I could learn a thing or two from her {Mama Braggin’ Monday}

I was going to post a picture today of my daughter with her 3rd place ribbon from Field Day.  But that will have to wait.  Because I think I have an even bigger reason to be proud of her.

When we started this school year, I was a little concerned about the grouping of girls in Sarah’s class this year.  It seemed like she was put in a class with an entire group of girls who have kind of banded together over the last year or two.  I could definitely see this group becoming the “IT group” once they hit the middle and upper school years.  There’s something about how they try to act so much older than they are.  But I never said a word to her about it.  I certainly didn’t want to put any ideas in her head if there was really nothing to be concerned about.

We went through most of the year with my husband and I seeing little things going on like Sarah usually eating lunch by herself and things like that.  But Sarah never said a word about it so I thought that maybe she didn’t notice.  Maybe that’s how she wanted things.

Then, as I felt prompted because of a Bible study that I was doing in January, I asked her if she had encountered any one that she would think of as a “mean girl.”  She immediately said yes.  But, I think she didn’t want to gossip, so she wouldn’t name any names… but told me all the girls in her class that it wasn’t. 

“There are three,” she said.  “And it’s not Cindy, Ali or Debbie.  So that gives you an idea.”  (There are only 7 girls in the class and I changed the names.)  It was cute the way she did it and I had to stifle a giggle.

As we have continued through this second half of the school year, the situation has just continued.  She even said one day recently, “I wish I was in a different class.”  Because truth be told, even though Cindy, Ali and Debbie aren’t what she would term as mean, they certainly are not being her friends.  Nor are they being very inclusive of her. 

And to be honest…. I feel it on the mom side as well.  It’s not that these moms are mean, necessarily, but they are a group that I just feel unwelcome around.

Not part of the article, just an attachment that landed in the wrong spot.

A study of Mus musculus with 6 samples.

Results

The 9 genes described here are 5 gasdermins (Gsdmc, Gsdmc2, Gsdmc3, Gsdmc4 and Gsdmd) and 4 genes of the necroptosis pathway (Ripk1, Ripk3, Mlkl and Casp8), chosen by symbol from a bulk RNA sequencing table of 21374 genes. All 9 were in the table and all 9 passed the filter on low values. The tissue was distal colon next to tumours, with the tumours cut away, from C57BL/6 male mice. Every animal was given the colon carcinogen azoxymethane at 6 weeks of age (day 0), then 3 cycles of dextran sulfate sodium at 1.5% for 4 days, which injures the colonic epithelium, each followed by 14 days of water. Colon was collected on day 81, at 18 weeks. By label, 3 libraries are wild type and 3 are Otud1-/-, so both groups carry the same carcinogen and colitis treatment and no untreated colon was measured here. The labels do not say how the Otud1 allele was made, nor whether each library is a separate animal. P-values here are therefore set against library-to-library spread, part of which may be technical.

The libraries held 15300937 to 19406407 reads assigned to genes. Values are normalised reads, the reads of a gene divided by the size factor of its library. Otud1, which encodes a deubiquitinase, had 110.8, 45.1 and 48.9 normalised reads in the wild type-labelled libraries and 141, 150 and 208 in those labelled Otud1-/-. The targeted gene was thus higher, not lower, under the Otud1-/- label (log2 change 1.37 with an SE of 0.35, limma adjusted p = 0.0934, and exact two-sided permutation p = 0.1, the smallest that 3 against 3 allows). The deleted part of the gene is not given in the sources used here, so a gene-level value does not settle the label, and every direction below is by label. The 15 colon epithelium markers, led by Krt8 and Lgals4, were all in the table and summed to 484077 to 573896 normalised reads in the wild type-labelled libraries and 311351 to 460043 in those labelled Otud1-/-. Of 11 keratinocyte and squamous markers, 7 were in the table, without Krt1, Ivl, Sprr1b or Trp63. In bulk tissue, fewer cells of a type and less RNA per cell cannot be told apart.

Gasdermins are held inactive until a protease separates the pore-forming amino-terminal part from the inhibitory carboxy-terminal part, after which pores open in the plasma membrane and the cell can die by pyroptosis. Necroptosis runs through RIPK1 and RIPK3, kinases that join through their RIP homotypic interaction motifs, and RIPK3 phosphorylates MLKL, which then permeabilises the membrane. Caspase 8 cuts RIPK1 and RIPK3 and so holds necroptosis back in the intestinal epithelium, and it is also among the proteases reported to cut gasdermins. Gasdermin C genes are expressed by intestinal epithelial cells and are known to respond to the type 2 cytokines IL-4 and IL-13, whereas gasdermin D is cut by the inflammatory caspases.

So as I have thought about it over the last couple of days, I took hold of an opportunity I had the other night to tell Sarah how proud I was of how she has handled it this year.

We were talking one evening after I got home from work and the subject of friends came up in a completely different context.  I was encouraging her to make sure she was inclusive of everyone in a particular circumstance.  She then began to talk about how she has felt excluded most of the year in her class and she actually teared up a bit.  Clearly this had affected her more than I had realized. 

But do you know what she has done all year?  She has gone into that classroom with her head held high and not let it stop her.  She continues to talk to these girls and show kindness to them.  There has not been one bad thing that she has come home and said about them.  There has been no report of her lashing out at them.  She just continues on in kindness, knowing that she has friends in other classes.

I was able to tell her that night that I admired how she has shown grace to those who have hurt her this year.  She has acted like the secure child of God that she is.  And as I told her, I wish I acted like that more often.

I also took hold of the teaching opportunity and pointed out what a blessing it was to learn how it feels to be excluded so that we know not to do it to other people.  She agreed.

So as I sit here, I wonder what causes these other moms, some of whom I know have been in the classroom quite a bit, to not notice the one girl that their daughters leave out of everything.  I know there are a lot of personalities and dynamics that I can’t go into here, but I have to wonder, do they not encourage inclusiveness to their daughters?  Does my own daughter truly have any idea what an example she has been to me this year?

I told her that this kind of stuff doesn’t go away as you get older and that I feel excluded a lot.  But I also told her that I believe God had granted her the grace to deal with the situation and that I admired the way she has shown grace to those around her.

Is there something that you admire about your own daughter or son?  Have you looked for something to admire in them?  Have you told them?  If not, find a way to do that today.